Letter of the day: The death of King Sugar
Published:Thursday | March 10, 2016 | 3:03 AM – Jamaica Gleaner
THE EDITOR, Sir:
The 2015-2016 sugar crop is 57 days old and major industry players seem to be a bit jittery. To say the industry is at a crossroads would be an understatement. It’s an industry that is in a crisis and its survival is very uncertain. Many are predicting that this will be the last crop. The predicament the industry now finds itself in did not occur overnight, but was a foreseeable eventuality from as far back as 2004 when the World Trade Organisation ruled that the European Union (our main market) was dumping sugar on the world market and, therefore, needed to make adjustments to its sugar regime.
The sugar industry is now faced with myriad challenges; chief among them is the 50 per cent reduction in the price of sugar exported to the European market. Not many companies, irrespective of how efficient and profitable they may be, can withstand such reduction in the price of its goods. So, we can therefore understand the effect on the industry which, as is commonly known, is not among the most efficient industries in the island.
Another question is whether the industry is worth saving. To properly answer this question, we need to have an honest discussion without the emotional attachments. The sugar industry was once the backbone of the Jamaican economy, providing significant employment, and a vital source of foreign exchange earnings. The Jamaican economy, while not growing at any significant rate, has diversified over the years and the significance of sugar has accordingly declined in terms of ranking as a top Jamaican industry. Nonetheless, the sugar industry is still a vital source of employment and foreign exchange earner. For the just-concluded 2014-2015 crop the sugar industry contributed approximately $10 billion to the Jamaican economy.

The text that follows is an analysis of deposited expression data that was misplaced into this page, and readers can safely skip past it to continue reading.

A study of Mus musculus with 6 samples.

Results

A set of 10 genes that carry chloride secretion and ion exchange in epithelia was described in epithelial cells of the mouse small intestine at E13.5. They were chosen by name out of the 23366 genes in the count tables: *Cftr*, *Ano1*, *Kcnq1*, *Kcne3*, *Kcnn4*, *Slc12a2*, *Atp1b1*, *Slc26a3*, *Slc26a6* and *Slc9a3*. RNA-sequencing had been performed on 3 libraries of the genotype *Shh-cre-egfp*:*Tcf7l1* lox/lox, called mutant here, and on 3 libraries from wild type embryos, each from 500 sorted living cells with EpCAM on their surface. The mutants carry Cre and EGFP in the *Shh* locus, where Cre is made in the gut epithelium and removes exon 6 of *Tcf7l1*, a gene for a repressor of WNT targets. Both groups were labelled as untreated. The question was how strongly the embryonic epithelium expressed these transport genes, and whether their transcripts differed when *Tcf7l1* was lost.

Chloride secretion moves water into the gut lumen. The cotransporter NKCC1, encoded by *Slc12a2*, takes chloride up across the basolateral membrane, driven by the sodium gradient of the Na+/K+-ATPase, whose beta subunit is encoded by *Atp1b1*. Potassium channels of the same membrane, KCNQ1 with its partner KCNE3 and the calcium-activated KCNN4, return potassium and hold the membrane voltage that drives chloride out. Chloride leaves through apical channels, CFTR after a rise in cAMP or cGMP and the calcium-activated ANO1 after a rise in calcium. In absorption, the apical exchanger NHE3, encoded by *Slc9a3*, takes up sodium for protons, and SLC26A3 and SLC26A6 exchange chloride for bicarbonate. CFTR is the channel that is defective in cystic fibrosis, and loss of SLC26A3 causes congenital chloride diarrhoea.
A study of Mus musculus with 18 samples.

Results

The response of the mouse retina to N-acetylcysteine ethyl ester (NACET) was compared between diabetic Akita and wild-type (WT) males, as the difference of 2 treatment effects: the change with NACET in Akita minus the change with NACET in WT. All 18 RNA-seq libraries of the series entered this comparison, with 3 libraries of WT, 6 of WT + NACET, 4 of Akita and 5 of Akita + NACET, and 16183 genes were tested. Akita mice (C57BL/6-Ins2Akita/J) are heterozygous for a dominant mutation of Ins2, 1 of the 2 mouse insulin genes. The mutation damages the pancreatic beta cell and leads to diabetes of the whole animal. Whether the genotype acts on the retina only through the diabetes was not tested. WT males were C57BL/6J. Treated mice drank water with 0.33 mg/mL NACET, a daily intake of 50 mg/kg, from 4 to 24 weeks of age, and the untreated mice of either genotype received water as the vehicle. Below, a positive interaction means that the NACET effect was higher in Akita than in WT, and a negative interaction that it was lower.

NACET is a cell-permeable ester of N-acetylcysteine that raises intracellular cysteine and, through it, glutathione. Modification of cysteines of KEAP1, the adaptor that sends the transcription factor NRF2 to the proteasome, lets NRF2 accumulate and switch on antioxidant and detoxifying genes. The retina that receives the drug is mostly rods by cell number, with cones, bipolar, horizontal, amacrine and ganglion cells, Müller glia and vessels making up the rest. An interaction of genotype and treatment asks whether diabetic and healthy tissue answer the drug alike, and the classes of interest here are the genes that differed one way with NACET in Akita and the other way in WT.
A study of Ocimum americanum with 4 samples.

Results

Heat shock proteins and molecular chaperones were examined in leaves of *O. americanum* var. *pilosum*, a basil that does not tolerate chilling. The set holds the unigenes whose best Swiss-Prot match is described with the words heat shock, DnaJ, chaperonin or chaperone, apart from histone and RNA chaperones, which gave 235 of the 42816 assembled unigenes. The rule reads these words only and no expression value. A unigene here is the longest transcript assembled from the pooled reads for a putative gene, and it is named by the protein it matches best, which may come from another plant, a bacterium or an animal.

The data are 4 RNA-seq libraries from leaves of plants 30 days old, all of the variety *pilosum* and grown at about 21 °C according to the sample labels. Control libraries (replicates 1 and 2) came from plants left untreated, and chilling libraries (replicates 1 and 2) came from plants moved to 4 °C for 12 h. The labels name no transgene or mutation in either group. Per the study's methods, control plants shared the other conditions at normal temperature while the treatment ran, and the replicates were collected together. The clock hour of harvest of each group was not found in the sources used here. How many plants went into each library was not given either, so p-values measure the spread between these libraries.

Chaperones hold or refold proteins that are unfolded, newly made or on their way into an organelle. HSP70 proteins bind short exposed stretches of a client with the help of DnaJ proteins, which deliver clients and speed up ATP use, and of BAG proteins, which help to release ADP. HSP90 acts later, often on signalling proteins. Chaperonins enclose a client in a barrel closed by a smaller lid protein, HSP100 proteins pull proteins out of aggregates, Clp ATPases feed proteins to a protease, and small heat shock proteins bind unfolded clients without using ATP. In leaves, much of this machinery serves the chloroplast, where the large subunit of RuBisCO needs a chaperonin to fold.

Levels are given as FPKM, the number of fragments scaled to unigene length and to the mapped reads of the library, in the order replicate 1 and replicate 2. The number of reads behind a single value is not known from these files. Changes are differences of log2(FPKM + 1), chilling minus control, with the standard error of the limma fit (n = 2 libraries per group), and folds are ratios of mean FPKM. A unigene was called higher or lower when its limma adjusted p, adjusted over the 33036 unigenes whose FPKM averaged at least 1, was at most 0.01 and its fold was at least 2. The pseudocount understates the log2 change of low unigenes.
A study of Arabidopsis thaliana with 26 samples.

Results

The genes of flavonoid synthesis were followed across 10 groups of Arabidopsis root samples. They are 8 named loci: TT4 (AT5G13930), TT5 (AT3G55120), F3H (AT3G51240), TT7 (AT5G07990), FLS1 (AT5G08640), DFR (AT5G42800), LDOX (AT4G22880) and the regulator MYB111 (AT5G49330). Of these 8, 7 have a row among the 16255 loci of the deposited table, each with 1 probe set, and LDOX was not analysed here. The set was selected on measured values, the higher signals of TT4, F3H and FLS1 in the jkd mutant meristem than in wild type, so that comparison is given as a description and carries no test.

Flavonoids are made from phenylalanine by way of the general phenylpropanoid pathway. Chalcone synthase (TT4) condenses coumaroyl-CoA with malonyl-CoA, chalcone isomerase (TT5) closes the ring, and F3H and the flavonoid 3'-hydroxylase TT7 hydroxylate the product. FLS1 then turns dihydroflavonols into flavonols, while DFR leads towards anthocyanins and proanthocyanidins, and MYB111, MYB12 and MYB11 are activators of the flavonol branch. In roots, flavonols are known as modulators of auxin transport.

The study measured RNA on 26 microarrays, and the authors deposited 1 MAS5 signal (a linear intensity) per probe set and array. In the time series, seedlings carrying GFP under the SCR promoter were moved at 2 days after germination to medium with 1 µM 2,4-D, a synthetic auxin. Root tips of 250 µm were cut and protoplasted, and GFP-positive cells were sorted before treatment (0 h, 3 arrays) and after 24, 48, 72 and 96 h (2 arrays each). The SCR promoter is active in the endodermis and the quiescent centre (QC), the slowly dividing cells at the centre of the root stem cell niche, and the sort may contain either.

Given the fragile state of the economy at this time, any wholesale change in the sugar industry will have a ripple effect. Approximately 1,000 sugar workers lost their jobs over the last 12 months. This is due mainly to the restructuring of some sugar factories and the closure of the Everglades Sugar Factory.
Despite the contraction, several opportunities still abound. These are mainly in the area of biofuels, cogeneration and speciality sugar. Some of the opportunities can be explored in the short term while some will require medium to long-term planning and implementation. While we are very late out of the starting blocks, with courage, willpower and the right policy environment, growth and success in the reform of the sugar industry can be achieved. We must first accept the reality that the days of sending bulk sugar to Europe for refining is no longer a viable basis. The global sugar market has changed significantly and the local industry must also adapt. Sugar is still produced as a viable industry in more than 100 countries. The Jamaican sugar industry must evolve or else it will suffer the inevitable fate – death of King Sugar.